Easyjet Incident With Disabled Dr. Sabry Unacceptable, Green MEP says
- Written by Roberto Castiglioni
Green MEP Keith Taylor slammed budget carrier Easyjet, stating that the incident involving disabled businessman Martin Sabry was unacceptable.
"Clearly, the Easyjet incident was unacceptable," Green MEP Keith Taylor told Reduced Mobility Rights.
"Paragraph 58 of my report which covers regulation 1107/2006 underlines the importance of appropriate training of flight crews to cover the ´different and individual needs of PRMs`," the European member of Parliament explained.
"In my capacity as a member of the Parliament's Transport and Tourism committee (TRAN), I met with many stakeholders over a number of months, in order to inform the first draft of the report "on the functioning and application of established rights of people travelling by air", which covers regulation 1107/2006," Green MEP Keith Taylor told Reduced Mobility Rights.
The report will be voted on next week in the European Parliament's plenary session. "I am confident that it will be adopted, Taylor said.
Although non-legislative, the report will become the official position of the Parliament
Disabled businessman Martin Sabry, 39, from Cambridge, arrived at Gatwick airport on 4 January 2012 to catch the Easyjet flight to Montpellier, France.
After boarding the aircraft, Mr Sabry was harassed by the flight purser who had him removed from the airplane. "I was made to read safety-card aloud in front all other boarding passengers and say "I can" after each sentence," he says, remarking the unnecessary humiliation. "We will not take you," the purser told him.
"I am pleased to hear of the unreserved apology given to Dr Sabry," Keith Taylor said. "However, it is extremely regrettable to hear that due to lack of resources, the CAA will not be able to pursue this case further."
In the days following the incident, Carolyn McCall OBE, Easyjet's Chief Executive Officer, apologised in person to Martin Sabry. "Our chief executive Carolyn McCall called Dr Sabry directly to apologise," A spokesperson for Easyjet told Reduced Mobility Rights.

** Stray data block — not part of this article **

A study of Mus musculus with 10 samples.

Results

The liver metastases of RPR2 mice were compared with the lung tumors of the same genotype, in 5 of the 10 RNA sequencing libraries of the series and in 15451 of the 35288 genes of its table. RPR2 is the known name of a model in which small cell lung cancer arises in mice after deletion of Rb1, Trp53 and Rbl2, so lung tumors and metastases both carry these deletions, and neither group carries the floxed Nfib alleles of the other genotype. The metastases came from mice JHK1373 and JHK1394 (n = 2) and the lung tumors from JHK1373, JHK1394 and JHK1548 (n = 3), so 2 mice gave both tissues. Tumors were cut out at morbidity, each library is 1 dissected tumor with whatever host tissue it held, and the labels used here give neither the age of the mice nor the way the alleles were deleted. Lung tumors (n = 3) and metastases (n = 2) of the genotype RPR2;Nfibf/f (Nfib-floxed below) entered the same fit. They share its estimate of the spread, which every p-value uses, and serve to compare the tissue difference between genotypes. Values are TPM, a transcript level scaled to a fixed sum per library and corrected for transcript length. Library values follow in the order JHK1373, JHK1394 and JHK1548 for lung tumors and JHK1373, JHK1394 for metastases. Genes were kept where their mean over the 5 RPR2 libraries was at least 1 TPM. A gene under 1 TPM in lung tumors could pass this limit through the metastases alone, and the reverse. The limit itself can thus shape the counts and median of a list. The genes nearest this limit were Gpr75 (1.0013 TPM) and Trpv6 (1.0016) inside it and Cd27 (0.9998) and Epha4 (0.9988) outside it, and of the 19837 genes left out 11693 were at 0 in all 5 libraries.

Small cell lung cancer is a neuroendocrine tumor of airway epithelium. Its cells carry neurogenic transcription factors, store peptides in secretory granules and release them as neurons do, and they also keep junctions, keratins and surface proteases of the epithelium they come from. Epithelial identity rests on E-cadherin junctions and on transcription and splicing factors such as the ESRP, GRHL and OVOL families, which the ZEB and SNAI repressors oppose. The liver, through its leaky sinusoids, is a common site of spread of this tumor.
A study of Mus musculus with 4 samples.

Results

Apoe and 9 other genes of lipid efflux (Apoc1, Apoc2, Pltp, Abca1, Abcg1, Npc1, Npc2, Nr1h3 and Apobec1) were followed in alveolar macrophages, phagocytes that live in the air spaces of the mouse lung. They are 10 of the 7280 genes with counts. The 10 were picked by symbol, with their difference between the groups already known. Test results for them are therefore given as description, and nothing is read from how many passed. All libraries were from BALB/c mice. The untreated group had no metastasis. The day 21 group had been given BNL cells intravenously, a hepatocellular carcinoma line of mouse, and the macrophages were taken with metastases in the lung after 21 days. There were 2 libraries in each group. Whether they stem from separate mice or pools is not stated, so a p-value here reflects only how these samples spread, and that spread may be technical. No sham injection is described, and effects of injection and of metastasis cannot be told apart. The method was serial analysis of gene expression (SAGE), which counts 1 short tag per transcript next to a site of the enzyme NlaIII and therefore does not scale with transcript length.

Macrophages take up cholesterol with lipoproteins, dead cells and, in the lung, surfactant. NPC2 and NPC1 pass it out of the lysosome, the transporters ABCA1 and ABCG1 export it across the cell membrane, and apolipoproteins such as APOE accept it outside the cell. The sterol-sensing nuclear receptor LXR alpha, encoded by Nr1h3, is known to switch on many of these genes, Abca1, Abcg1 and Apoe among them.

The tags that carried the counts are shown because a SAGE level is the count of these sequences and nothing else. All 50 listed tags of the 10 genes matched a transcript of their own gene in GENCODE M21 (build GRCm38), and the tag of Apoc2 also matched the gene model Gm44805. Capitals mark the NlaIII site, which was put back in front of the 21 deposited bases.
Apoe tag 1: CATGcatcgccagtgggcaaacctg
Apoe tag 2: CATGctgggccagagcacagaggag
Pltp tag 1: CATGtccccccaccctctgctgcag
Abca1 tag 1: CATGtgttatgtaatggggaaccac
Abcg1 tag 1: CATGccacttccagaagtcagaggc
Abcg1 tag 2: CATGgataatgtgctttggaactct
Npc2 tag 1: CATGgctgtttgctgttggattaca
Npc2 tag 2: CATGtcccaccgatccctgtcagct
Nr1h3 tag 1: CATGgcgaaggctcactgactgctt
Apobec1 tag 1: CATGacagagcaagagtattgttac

The budget airline received a verbal warning from the UK CAA. "In relation to the Dr Sabry’s situation, we have been in touch with EasyJet regarding the incident, to remind them of their obligations to people with reduced mobility," A CAA spokesperson said.
Despite the incident representing a clear violation of Regulation 1107/2006, there will be no enforcement of the law on Easyjet. The Department for Transport is trailing behind most EU states, having failed to provide the CAA a set of sanctions and adequate enforcement powers. "Unfortunately, [enforcement] powers are not very flexible or proportionate and make it difficult for us to take action," Dame Deirdre Hutton, Chair of the Civil Aviation Authority said.
"I think that there needs to be better implementation by the National Enforcement Bodies of the rules that do exist," Keith Taylor said. "Paragraph 3 of my report acknowledged gaps in Member States' implementation and enforcement of Regulation 1107/2006. In subsequent paragraphs the report talks of the need for the Commission to work with NEBs in order to "promote a uniform and prompt enforcement of air passenger rights."